TANGA: A MINDSET Change and Entrepreneurship Project being carried out in Tanga City is demonstrating that changes in mindset and entrepreneurship training for young people, including graduates of higher learning institutions, can help them overcome the challenges of unemployment and significantly increase their incomes in a short period of time.
In an interview here, Project Coordinator Patrick Waziri explained that the project has shown that overall, 77 per cent of the project participants surveyed in a midline survey had either started a new business, secured employment, or both.
The Tanga Yetu Initiative is being carried out by the Botnar Foundation in partnership with the Tanga City Council and the Tanga Economic Research Council (ESRF).
“There was an increase in income, with 39 per cent of participants already earning over 50,000-100,000/ per week,” Waziri said.
He observed that at baseline, only 42 per cent of participants were above the national poverty level of 12,333/ per week. However, by halfway, the percentage had risen to 72 per cent.
The overall goal of the project was to instill entrepreneurship skills and a shift in mindset among young people in the city, enabling them to improve their quality of life, Waziri pointed out.
According to him, the project reached 1036 young individuals, 547 of whom were males and 489 of whom were females. They were introduced to leadership training.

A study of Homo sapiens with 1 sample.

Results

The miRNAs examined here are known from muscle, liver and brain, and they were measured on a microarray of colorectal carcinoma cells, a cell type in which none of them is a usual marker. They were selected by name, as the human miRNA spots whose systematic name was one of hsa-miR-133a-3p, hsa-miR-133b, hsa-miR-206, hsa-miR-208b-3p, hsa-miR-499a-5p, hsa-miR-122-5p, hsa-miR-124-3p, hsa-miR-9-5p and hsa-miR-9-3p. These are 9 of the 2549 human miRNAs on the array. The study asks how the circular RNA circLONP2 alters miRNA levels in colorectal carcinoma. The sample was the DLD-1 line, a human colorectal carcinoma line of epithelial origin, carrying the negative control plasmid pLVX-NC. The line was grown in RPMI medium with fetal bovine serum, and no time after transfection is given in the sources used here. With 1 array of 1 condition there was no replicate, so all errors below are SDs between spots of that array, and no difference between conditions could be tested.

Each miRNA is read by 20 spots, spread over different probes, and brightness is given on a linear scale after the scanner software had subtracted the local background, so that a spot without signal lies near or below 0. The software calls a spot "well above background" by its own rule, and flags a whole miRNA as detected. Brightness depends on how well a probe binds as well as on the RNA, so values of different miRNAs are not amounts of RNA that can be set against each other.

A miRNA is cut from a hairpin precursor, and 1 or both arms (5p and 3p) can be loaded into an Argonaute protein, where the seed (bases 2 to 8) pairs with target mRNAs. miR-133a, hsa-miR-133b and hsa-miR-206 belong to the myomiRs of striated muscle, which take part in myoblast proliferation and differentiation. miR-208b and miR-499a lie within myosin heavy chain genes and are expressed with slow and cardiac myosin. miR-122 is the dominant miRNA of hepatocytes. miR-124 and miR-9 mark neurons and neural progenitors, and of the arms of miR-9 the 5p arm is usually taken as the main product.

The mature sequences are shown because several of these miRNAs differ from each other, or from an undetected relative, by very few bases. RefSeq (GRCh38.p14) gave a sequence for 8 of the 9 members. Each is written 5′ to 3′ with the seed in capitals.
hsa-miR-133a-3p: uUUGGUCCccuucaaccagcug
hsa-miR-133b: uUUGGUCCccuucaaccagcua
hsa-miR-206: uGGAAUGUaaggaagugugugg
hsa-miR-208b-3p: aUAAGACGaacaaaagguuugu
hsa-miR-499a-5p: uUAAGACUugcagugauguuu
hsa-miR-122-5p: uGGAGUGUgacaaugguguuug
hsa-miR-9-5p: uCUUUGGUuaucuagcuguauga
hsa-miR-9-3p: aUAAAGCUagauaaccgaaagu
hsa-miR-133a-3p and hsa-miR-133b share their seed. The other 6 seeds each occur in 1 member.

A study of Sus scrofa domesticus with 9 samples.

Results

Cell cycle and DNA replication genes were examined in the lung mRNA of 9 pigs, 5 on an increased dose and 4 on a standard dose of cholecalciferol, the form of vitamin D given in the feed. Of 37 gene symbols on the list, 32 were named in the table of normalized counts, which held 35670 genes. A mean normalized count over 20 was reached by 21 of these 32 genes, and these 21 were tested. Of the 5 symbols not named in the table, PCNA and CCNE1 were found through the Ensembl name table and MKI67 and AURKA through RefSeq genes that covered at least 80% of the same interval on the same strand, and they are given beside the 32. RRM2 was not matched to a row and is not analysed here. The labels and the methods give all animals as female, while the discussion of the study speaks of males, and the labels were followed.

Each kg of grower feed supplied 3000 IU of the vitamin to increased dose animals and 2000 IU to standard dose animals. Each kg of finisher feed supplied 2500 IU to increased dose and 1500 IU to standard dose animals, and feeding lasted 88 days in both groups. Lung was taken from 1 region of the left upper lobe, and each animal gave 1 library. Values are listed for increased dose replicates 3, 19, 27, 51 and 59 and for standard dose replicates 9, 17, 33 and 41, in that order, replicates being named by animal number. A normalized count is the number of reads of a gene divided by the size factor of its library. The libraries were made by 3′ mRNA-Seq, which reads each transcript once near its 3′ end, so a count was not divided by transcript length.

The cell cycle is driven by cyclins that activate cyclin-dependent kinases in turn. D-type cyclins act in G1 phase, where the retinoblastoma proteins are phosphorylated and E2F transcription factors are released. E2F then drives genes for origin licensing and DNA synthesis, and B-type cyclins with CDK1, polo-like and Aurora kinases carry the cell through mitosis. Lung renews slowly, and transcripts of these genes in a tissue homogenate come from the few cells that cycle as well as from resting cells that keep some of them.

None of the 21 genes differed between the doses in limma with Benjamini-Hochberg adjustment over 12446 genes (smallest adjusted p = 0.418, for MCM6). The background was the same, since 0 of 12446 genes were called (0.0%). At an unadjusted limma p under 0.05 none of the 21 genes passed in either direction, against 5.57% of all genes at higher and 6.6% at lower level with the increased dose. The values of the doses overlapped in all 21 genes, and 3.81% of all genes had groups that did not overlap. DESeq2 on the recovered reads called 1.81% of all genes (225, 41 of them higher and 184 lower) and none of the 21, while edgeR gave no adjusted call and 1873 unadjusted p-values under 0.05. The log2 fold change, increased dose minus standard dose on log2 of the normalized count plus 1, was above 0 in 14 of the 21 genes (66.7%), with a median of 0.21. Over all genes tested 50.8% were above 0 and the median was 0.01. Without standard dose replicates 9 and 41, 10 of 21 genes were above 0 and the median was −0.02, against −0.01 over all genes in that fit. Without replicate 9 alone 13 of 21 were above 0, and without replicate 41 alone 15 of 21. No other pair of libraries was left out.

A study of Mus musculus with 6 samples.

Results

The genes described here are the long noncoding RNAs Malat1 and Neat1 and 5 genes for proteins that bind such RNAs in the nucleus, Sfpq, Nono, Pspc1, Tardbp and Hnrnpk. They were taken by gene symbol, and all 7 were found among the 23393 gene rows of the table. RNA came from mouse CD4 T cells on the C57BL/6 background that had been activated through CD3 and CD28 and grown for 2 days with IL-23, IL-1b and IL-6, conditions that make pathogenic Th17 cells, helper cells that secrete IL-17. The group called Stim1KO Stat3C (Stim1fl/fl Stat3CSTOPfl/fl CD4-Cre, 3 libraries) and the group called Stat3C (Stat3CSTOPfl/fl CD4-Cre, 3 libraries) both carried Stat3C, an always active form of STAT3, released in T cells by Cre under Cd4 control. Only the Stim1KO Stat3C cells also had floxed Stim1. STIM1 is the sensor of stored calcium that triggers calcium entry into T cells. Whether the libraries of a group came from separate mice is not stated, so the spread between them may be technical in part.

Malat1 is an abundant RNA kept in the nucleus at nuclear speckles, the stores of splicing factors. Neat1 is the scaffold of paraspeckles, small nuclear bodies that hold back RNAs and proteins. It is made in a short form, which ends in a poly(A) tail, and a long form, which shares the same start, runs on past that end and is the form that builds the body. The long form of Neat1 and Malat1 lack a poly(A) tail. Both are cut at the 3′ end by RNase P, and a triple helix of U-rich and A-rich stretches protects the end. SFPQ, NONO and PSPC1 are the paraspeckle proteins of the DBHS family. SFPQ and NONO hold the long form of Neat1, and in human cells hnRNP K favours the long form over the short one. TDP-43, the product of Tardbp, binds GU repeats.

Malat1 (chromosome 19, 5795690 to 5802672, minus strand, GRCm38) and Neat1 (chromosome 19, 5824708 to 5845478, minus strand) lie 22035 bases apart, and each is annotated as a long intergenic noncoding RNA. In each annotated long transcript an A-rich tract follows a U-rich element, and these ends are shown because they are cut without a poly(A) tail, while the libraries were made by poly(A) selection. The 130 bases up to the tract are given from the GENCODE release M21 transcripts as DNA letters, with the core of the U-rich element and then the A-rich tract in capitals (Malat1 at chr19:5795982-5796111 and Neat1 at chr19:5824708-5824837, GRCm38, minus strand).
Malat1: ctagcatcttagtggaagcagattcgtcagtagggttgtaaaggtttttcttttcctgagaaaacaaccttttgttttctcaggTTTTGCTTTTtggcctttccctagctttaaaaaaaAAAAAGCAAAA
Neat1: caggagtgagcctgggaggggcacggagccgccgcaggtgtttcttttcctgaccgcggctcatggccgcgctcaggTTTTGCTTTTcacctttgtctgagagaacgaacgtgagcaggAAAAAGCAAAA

Seventeen (17) Youth Savings and Loans Associations were established, which, according to Waziri, saved a total of 1324m/- until the final report. This, he claimed, was a tremendous success for the young people, who initially earned a median income of 0/- per week on average.
Tanga Yetu is part of the OurCity programme, which is supported by the Fondation Botnar and works in collaboration with youth, Tanga City Council, the private sector, and non-governmental organisations to enhance the health and well-being of young people in Tanga City.
Our City is a Foundation Botnar effort that helps cities around the world implement coordinated initiatives that use digital technology and artificial intelligence to transform them into places where young people’s voices and needs are recognised and valued.
To promote well-being and opportunities for all, the project works with young people, civil society, policymakers, innovators and other city champions.
The project could be a response to the findings of a study on Tanzania’s higher education institutions.
According to Mr Lyata Ndyali’s study, ‘Tanzania’s Higher Education System and Jobless Graduates,’ higher education institutions have not significantly increased graduates’ employment prospects. The report states that graduates lack the necessary skills for work, which could be addressed if they were taught business skills that would make them more self-sufficient.
“Despite the government’s efforts to create nearly one million jobs each year, many college graduates delay starting their first job until they are well over the age of 34,” according to the survey.
According to the study, Tanzanian higher education must equip graduates for sustainable life in all positive forms. “Skills acquisition programmes for enrolled students in their specific field of business should be organised to train and empower them.” This will allow young people to cultivate a positive mindset towards work and labour,” the study concluded.